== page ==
CURRENT RESEARCH: Changing ways of making and doing 'family'
My research is primarily focused on the interplay between two societal trends, which have substantial consequences for how we construct families, who does what within families, and how we are impacted by family-related transitions. Firstly, we have observed a profound shift in demographic behaviors such as increasing intimate partnership instability (which means the proportion of children who do not grow up with their two biological parents but with a biological parent and a stepparent is increasing) and dropping fertility rates. At the same time, we have seen not-so-profound shifts in cultural gender scripts. Though some countries have seen a decline in gender-role traditionalism, gender-essentialism has been resilient to change. The former primarily advocates for the primacy of men in paid labor; the latter focuses on the perception of men and women as “distinctly, immutably, and naturally different” (Skewes et al., 2018, p.1) and thus, better fit for different tasks.
In my research, I continuously examine what these trends – increasing family complexity and persistent gender norms and scripts – mean for how we think of families (for example: who is ‘family’, who should do what within families), what kind of family-related transitions we (are willing to) experience (for example: parenthood), and how we are impacted by these transitions.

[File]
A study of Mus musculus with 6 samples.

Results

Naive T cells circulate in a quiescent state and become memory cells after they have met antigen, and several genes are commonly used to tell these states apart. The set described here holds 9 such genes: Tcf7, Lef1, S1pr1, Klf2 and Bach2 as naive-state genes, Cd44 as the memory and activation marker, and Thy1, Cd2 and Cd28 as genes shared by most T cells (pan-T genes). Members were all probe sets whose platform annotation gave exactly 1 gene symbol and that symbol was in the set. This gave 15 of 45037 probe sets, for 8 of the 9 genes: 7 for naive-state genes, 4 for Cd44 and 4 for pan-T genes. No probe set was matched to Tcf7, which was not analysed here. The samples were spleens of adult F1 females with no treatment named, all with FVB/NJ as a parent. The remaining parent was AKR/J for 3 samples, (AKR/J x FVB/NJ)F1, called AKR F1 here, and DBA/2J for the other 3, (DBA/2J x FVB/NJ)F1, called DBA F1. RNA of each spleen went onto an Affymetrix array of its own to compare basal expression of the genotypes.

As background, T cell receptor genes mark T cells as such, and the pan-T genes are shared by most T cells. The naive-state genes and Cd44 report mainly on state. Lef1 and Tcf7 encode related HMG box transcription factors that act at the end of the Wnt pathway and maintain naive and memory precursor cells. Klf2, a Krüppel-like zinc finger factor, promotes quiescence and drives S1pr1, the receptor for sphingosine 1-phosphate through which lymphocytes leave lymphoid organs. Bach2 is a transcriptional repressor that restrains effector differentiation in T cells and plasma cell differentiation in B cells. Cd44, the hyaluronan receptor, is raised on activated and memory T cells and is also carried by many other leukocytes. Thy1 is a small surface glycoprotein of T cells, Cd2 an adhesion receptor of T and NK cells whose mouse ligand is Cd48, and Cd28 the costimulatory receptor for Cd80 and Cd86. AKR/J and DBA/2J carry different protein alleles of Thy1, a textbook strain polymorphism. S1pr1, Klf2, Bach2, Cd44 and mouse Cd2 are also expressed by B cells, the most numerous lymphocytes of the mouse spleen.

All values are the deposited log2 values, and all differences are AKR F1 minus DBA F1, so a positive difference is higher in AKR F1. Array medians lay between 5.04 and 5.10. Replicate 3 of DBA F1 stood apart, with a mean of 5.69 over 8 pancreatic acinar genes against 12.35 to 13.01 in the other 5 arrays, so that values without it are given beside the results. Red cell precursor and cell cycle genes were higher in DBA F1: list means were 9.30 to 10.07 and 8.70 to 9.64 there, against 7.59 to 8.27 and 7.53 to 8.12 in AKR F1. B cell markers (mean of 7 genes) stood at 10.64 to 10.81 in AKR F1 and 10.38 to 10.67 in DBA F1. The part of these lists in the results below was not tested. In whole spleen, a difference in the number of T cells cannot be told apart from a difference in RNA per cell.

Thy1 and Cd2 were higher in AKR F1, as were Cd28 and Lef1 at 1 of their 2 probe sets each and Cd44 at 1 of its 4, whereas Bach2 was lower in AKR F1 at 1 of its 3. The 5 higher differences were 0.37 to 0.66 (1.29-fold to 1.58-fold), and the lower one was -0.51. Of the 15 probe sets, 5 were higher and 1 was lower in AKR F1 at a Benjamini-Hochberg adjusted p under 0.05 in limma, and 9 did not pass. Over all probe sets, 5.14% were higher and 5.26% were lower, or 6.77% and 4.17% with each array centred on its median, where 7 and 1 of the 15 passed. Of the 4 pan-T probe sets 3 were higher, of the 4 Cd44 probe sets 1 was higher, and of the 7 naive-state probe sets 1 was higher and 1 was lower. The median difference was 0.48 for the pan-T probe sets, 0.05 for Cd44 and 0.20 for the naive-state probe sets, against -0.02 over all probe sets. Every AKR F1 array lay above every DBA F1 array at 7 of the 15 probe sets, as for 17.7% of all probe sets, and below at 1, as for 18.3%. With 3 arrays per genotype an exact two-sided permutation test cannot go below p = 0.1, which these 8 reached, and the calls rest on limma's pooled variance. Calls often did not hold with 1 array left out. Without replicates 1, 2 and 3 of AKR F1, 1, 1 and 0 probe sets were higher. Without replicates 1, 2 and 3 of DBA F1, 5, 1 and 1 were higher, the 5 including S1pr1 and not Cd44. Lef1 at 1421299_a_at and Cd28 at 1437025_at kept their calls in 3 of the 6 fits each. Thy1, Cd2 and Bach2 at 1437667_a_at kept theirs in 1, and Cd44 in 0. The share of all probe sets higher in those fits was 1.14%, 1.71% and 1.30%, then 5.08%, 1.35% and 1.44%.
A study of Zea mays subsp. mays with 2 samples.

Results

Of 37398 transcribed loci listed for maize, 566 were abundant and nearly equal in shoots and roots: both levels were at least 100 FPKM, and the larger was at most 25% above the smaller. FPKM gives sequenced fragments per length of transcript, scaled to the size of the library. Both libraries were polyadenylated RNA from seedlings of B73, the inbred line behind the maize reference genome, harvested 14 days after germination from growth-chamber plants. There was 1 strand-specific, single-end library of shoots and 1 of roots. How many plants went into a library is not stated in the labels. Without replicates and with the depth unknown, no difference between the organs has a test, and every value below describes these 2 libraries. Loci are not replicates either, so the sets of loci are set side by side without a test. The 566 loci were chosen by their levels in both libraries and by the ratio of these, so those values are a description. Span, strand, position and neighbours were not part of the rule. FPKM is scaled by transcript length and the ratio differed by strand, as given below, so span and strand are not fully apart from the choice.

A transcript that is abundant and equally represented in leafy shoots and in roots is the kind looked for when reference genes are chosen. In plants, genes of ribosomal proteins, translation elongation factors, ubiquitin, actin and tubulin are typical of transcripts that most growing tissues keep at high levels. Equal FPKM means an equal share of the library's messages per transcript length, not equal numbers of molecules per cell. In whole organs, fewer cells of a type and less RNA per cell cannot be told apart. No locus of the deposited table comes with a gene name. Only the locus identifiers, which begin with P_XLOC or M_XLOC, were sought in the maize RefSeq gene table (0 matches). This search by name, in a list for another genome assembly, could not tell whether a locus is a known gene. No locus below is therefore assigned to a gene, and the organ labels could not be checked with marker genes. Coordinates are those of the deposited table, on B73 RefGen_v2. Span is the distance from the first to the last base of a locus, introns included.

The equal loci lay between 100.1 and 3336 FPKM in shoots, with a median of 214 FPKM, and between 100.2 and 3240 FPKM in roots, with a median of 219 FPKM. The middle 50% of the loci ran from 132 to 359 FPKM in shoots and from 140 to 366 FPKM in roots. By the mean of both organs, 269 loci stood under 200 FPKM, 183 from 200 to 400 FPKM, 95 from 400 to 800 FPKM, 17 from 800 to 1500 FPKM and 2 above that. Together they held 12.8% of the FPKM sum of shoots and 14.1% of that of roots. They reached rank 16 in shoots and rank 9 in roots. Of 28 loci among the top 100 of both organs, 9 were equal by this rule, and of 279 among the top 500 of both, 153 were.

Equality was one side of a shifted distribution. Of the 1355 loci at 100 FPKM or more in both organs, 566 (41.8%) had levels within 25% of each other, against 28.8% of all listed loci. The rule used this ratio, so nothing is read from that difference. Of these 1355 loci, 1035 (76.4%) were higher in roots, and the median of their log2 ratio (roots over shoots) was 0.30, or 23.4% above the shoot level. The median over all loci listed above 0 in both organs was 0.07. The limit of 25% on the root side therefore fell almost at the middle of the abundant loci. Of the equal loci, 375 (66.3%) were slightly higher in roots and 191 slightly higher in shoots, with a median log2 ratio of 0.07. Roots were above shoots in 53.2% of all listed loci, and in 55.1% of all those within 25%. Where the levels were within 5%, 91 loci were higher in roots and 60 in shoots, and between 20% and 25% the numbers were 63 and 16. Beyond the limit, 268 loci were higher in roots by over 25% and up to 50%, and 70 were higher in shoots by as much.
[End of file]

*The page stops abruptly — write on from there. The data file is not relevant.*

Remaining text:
PREVIOUS RESEARCH PROJECTS
Remarriage in Comparative Perspective (Prof.dr. Matthijs Kalmijn and Dr. Wilfred Uunk; funded by MaGW Open Competition, NWO)
Remarriage is often seen as a "solution" for the high rates of divorce in modern society but a model of 'sequential monogamy' also introduces new problems and risks in society. While there is vast amount of research on divorce, fewer studies have been done on remarriage, in particular in Europe. We address five problems: barriers on the remarriage market, gender differences in remarriage, the effects of remarriage on well-being, father-child relations after remarriage, and the instability of remarriage. The underlying question is how the causes and consequences of remarriage vary with the degree to which divorce is institutionalized in society.
From Parents to Partners: The Impact of Family on Romantic Relationships in Adolescence and Emerging Adulthood (PhD supervisors: Prof. dr. Melinda Mills and Prof.dr. René Veenstra; internally funded by the ICS)
Do adolescents who feel that they are rejected by their parents search for alternative sources of emotional warmth? Are children of divorced parents more likely to initiate romantic relationships than those from intact families? How does the instability surrounding a parental divorce affect an adolescent’s inclination to date? Does the quality of the family relational climate in childhood have a direct effect on people’s satisfaction with their intimate relationships even 15 years later, in emerging adulthood? This project investigates how relational experiences with family members and significant family transitions can affect the initiation and quality of romantic relationships in adolescence and emerging adulthood.